SACRAMENTO -- State lawmakers are supporting a proposal to expand Yosemite National Park by 1,600 acres, restoring land stripped of its protection by Congress in 1906.
The state Senate approved a resolution this week that asks the federal government to approve the expansion.
“This is a great day for Yosemite,” said Nathan Weaver, a spokesman for Environment California, which supported the resolution. “We applaud work by California’s leaders to preserve and strengthen Yosemite, one of the world’s most beautiful” parks.
Weaver said the land transfer is supported by the current owners, a partnership of private owners and Pacific Forest Trust, which purchased the property to protect it from developers.
Senate Joint Resolution 5 was introduced by state Sen. Tom Berryhill (R-Twain Harte), whose district includes the park.
“Yosemite National Park is one of the crown jewels in our National Parks System,” Berryhill said in a statement after the vote. “For those of us that live in its shadow, it is a not only a source of great pride, it also means jobs. Adding this 1,600-acre area to the Park is the right thing to do, both for the integrity of the Park and Sierra National Forest, as well as to protect the interests and finances of Mariposa County.”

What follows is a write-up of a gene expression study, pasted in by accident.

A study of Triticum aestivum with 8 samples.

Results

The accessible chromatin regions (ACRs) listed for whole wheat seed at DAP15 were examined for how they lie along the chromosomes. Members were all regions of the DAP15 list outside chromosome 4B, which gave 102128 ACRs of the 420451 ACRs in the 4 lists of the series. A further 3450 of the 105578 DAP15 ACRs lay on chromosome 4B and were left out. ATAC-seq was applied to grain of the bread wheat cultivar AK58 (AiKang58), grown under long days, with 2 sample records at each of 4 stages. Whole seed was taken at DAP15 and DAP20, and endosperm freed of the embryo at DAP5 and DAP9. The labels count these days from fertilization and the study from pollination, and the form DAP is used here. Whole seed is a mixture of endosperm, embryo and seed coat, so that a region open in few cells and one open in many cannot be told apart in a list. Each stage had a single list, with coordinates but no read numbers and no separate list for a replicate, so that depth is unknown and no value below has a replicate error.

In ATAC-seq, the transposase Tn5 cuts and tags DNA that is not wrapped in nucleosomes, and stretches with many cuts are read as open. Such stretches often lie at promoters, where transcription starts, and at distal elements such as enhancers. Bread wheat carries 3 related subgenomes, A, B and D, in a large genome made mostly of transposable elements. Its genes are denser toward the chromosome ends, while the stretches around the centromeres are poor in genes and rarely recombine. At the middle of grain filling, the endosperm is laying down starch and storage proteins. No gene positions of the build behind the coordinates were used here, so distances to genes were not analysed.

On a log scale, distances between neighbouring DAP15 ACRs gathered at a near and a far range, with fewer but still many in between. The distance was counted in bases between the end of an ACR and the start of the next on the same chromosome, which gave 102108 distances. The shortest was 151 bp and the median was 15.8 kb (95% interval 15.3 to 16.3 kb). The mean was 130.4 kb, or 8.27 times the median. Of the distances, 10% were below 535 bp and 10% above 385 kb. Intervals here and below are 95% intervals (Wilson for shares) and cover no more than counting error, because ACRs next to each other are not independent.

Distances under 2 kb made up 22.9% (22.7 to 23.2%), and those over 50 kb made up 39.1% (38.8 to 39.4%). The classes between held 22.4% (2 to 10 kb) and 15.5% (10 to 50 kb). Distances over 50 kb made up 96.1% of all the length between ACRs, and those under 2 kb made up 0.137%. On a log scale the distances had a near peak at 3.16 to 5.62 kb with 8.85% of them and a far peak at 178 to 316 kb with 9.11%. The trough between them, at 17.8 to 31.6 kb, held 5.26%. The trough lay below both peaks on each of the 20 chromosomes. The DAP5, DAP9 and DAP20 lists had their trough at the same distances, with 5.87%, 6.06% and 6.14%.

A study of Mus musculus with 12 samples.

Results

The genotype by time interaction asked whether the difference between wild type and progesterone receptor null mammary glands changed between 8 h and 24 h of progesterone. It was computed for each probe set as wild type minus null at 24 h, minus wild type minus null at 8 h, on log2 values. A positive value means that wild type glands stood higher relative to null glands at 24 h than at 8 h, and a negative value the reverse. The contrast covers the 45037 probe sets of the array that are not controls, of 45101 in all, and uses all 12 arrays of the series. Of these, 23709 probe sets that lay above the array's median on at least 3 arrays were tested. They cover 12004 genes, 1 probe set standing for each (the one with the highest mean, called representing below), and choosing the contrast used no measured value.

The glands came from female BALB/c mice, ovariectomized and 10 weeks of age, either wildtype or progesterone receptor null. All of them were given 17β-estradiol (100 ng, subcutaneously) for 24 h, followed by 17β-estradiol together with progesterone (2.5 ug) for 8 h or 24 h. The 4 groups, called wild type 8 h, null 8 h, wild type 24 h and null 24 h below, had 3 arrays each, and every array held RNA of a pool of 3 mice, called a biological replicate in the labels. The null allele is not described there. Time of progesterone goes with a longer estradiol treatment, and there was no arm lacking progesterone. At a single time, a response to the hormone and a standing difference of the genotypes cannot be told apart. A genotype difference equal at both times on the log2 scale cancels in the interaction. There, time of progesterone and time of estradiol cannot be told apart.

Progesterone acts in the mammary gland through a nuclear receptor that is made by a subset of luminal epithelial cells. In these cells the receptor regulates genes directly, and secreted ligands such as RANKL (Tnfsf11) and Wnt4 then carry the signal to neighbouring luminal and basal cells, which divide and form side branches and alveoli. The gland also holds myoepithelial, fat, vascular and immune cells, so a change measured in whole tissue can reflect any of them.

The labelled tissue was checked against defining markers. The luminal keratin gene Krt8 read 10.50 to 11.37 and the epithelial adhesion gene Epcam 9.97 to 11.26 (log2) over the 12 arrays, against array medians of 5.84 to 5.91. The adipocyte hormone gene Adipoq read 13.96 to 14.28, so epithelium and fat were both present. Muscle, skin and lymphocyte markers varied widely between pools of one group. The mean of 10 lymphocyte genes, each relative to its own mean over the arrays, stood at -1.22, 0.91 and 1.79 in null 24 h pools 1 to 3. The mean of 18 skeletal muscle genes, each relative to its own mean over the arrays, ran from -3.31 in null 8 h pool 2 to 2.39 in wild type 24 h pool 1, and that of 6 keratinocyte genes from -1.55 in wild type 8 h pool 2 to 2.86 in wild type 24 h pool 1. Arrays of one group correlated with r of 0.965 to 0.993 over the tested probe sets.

If Congress approves the designation, allowing the property to be considered for purchasing, California groups would have to secure a grant from the federal Land and Conservation Fund, Berryhill said.
The action was supported by Robert Hanna, an advocate for the park system and naturalist John Muir’s great-great-grandson.
“This is an incredible opportunity we have that will no doubt speak to all future generations,” Hanna said. “Like it is for so many others, Yosemite is a special place to me and my family and I look forward to working with everyone to add to its majestic beauty.”